Brain Game: Breaking The Unbreakable
Scot was relentless in attacking Djokovic's backhand side in London
Andy Murray broke the unbreakable.
Murray defeated Novak Djokovic 6-3, 6-4 in the Barclays ATP World Tour Finals title match to become the year-end No. 1 player in the Emirates ATP Rankings by attacking the Serbian’s normally impenetrable backhand.
All discussions after the semi-finals focused on possible exhaustion for the Brit after his marathon victory over Milos Raonic and Djokovic’s impressive demolition of Kei Nishikori. It took just a handful of minutes on Sunday night to clearly see both of those results would have no bearing on the final.
This match was Murray’s from the beginning. He looked sharper, hungrier, and more willing to reach out and grab his destiny rather than hope it was going to be given to him. “There was no serious chance for me to win today’s match,” Djokovic said post-match. “From the very beginning we could see that. He was just better all in all.”
With Murray returning leading 4-3 on serve in the opening set, Djokovic committed a routine backhand error at 15/0 that seemed very uncharacteristic from the former World No. 1. The Serbian was off balance, falling backwards, which immediately started the alarm bells ringing, signaling a critical break of serve was imminent. At 15/15, Djokovic started the rally with two forehands, but Murray then made him hit three consecutive backhands, with Djokovic sailing the third one long.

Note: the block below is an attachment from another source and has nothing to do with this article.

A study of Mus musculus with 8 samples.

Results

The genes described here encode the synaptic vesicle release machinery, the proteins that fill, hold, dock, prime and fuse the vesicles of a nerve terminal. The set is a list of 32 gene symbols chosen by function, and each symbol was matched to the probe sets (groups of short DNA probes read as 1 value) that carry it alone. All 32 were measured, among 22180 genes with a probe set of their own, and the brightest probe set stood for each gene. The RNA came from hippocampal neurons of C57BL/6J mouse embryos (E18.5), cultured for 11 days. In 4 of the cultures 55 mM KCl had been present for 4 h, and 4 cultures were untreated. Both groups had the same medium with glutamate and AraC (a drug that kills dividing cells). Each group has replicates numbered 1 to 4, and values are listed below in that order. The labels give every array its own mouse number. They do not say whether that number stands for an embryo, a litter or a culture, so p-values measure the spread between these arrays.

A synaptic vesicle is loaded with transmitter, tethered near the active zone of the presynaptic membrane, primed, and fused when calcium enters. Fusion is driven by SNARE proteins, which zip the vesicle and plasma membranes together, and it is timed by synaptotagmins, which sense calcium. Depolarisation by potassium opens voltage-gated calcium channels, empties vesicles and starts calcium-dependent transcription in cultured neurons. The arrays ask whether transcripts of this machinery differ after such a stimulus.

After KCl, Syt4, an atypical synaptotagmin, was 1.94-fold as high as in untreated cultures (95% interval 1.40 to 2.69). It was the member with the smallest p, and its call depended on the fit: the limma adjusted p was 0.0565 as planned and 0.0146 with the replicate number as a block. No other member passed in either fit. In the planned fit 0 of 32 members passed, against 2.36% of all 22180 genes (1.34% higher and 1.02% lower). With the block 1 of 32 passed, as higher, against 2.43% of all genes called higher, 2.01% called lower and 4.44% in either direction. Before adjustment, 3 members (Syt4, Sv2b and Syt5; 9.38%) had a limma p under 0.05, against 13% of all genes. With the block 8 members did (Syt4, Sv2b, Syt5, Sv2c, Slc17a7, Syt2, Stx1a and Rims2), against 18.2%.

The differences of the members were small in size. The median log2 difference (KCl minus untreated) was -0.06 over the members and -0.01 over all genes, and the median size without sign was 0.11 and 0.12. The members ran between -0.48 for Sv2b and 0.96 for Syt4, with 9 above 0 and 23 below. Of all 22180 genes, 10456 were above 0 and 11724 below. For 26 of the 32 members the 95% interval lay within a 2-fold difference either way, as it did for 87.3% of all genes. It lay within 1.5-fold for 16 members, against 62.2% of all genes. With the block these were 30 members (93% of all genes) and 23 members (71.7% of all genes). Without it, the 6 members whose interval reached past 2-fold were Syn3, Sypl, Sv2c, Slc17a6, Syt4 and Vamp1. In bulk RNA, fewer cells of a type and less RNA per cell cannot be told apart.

At deuce, Djokovic put a neutral rally backhand groundstroke into the net. On break point, Murray double downed on attacking the vulnerable Djokovic wing, making the Serbian hit eight consecutive backhands, with the last one finding its way into the net as Murray approached with an aggressive forehand. Break. The Scottish horse was bolting.
With Murray serving at 5-3, 40/15 in the opening set, it was once again a Djokovic backhand that found the net to end the point, and end the set. Overall for the match, Djokovic’s backhand contributed just three winners, while committing 17 unforced errors. Murray hit 54 per cent of his shots to Djokovic’s backhand side, relentlessly trying to break it down.
Murray’s quality groundstrokes also forced Djokovic more onto his back foot in the final than the World No. 2 is used to. In round-robin play, and in the semi-final against Nishikori, Djokovic made contact with 78 per cent of his backhands behind the baseline. That margin slightly deteriorated against Murray, with 82 per cent of Djokovic's backhands hit from behind the baseline.
“I just played very poorly, made a lot of unforced errors from the backhand side,” Djokovic said post-match. “It just wasn’t my day.”
The average rally length in Murray’s semi-final victory against Raonic was just five shots, but that was extended to seven shots against Djokovic in the final. Unfortunately for the Belgrade native, those longer rallies all too often ended in a backhand error.
Leading into the final, Djokovic averaged just seven backhand unforced errors in each match, but that skyrocketed to 17 against Murray. Once Murray found a crack in Djokovic’s armour, he turned it into a crevice.
Overall in the final, Murray played better than we have seen this week, and Djokovic played worse. You have got to give credit to the Brit for both ends of that equation.